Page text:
A “Keep-it-in-the-Ground” GoFundMe? Alaska Rep Thinks it is a Good Idea

A “Keep-it-in-the-Ground” GoFundMe?  Alaska Rep Thinks it is a Good Idea

March 1, 2023

We’ve seen many proposals from the eco-left over the years that had us scratching our heads and pondering how anyone could think they were good ideas.  This one from Alaska might take the cake.

Late last month, during a meeting of the Alaska Legislature’s House Ways and Means Committee, Representative Andrew Gray (D-Anchorage) asked the following:

“I kind of have the ultimate CCUS [Carbon Capture, Usage and Storage]: Is it possible under some circumstance for us to get paid not to take oil out of the ground? And my brief sort of crazy idea is to just sort of, if we did it like a GoFundMe, there’s so many environmentalists around the world that we could potentially set up a charge, to fund our government, to be paid not to drill oil. If we had people, if we had 100 billion in the ground, and we divide it up how much that would be over time, that we could potentially get paid not to drill. Do people talk about that? Is that possible?”

You can view Rep. Gray’s comments here.

Aside from the relative complexity associated with funding state government on the backs of individual GoFundMe donations – which certainly are less-reliable than the more than a billion dollars resource development helps fund the state with annually – there’s a gaping hole in Rep. Gray’s logic: more than a quarter of all private-sector jobs in the state are supported by the safe and responsible extraction of oil and gas.  A GoFundMe won’t fund those jobs.  They’d be lost, and Alaska’s unemployment numbers would skyrocket.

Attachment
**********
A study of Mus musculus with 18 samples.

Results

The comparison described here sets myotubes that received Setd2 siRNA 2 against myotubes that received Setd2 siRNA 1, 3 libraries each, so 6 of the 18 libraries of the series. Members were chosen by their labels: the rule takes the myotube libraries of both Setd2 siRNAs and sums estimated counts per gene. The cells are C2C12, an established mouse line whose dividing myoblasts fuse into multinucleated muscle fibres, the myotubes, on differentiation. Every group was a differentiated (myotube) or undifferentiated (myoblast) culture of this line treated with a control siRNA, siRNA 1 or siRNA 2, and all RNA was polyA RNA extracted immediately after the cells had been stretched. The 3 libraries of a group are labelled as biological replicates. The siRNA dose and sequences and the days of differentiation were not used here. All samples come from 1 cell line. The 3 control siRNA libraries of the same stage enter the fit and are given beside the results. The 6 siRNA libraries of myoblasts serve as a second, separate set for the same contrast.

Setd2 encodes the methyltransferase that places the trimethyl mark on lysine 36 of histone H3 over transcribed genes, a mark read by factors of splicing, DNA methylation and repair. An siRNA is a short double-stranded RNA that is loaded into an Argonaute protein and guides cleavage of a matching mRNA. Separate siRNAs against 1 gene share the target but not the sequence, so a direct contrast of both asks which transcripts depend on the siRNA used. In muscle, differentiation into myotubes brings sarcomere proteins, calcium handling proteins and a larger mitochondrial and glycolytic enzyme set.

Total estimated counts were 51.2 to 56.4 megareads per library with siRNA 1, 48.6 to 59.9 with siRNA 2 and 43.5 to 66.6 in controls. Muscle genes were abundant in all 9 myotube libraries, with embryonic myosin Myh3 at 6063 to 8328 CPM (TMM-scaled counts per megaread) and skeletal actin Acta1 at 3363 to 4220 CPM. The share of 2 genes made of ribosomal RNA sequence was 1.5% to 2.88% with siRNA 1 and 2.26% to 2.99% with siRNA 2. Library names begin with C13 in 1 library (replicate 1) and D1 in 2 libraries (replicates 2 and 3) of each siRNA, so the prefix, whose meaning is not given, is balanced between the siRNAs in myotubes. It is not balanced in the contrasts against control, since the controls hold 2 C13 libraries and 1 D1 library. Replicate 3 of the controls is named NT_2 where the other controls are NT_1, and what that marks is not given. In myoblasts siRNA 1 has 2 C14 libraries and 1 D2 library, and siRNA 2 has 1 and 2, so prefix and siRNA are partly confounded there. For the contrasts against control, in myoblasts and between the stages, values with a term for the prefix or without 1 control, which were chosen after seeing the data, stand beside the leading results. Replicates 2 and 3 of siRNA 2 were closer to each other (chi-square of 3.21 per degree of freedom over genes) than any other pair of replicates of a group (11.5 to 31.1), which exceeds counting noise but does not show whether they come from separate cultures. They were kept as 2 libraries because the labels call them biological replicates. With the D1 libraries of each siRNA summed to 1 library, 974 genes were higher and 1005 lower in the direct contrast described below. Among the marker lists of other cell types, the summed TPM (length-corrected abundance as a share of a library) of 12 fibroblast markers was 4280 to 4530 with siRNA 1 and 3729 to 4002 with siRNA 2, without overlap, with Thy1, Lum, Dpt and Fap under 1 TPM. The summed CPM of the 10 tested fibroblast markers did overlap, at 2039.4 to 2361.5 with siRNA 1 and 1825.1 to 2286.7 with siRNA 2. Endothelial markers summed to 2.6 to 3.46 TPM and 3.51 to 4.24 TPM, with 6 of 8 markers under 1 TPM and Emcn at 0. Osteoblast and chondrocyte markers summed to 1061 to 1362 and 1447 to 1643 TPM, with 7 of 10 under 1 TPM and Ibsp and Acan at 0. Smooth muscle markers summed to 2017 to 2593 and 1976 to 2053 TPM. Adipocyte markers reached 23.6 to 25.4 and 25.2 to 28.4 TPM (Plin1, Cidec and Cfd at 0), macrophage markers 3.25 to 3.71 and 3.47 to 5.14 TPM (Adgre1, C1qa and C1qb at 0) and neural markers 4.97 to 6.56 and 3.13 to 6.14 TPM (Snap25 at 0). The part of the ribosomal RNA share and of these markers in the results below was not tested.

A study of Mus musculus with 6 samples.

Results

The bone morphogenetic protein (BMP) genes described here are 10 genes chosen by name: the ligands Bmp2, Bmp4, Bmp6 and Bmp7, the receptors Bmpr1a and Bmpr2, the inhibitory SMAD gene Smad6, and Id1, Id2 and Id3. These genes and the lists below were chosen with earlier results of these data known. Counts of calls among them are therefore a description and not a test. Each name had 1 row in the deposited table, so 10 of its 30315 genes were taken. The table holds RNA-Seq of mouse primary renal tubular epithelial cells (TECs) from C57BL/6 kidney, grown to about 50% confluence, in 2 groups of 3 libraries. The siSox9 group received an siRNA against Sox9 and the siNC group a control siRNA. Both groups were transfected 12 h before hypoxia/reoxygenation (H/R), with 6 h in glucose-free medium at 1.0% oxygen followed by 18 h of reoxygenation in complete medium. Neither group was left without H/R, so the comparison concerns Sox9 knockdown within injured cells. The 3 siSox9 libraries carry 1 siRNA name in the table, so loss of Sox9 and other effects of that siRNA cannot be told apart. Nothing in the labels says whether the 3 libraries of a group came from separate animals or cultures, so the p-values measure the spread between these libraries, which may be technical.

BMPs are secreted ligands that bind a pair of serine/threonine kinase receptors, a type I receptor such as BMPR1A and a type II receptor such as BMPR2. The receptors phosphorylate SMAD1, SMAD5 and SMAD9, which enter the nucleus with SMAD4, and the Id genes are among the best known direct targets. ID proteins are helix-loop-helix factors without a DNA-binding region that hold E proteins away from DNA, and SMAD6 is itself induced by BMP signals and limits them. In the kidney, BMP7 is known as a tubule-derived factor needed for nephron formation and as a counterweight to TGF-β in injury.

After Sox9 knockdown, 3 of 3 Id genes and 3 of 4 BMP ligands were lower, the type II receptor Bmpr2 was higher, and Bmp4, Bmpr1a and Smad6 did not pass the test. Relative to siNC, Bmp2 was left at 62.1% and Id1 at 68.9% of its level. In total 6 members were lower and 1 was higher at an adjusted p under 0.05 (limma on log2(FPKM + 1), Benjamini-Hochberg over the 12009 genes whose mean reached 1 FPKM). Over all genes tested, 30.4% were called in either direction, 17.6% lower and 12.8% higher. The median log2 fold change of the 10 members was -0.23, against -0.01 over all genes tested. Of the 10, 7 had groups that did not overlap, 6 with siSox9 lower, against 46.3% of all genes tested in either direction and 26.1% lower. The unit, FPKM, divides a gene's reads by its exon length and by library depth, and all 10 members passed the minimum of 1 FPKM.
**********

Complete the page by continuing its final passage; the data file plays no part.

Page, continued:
But to Rep. Gray, who was endorsed during this last election cycle by the radical Alaska Center (for the Environment) and other anti-development organizations, keeping oil in the ground is a goal that should be explored; no matter how much damage it would do to his constituents and the state. Simply put, elections have consequences.  They put zealots with fringe ideas into office, and then we get to listen to “solutions” like this.  Let’s hope this is the low point of Rep. Gray’s legislative career, and that he doesn’t have any more “brilliant ideas” in the future.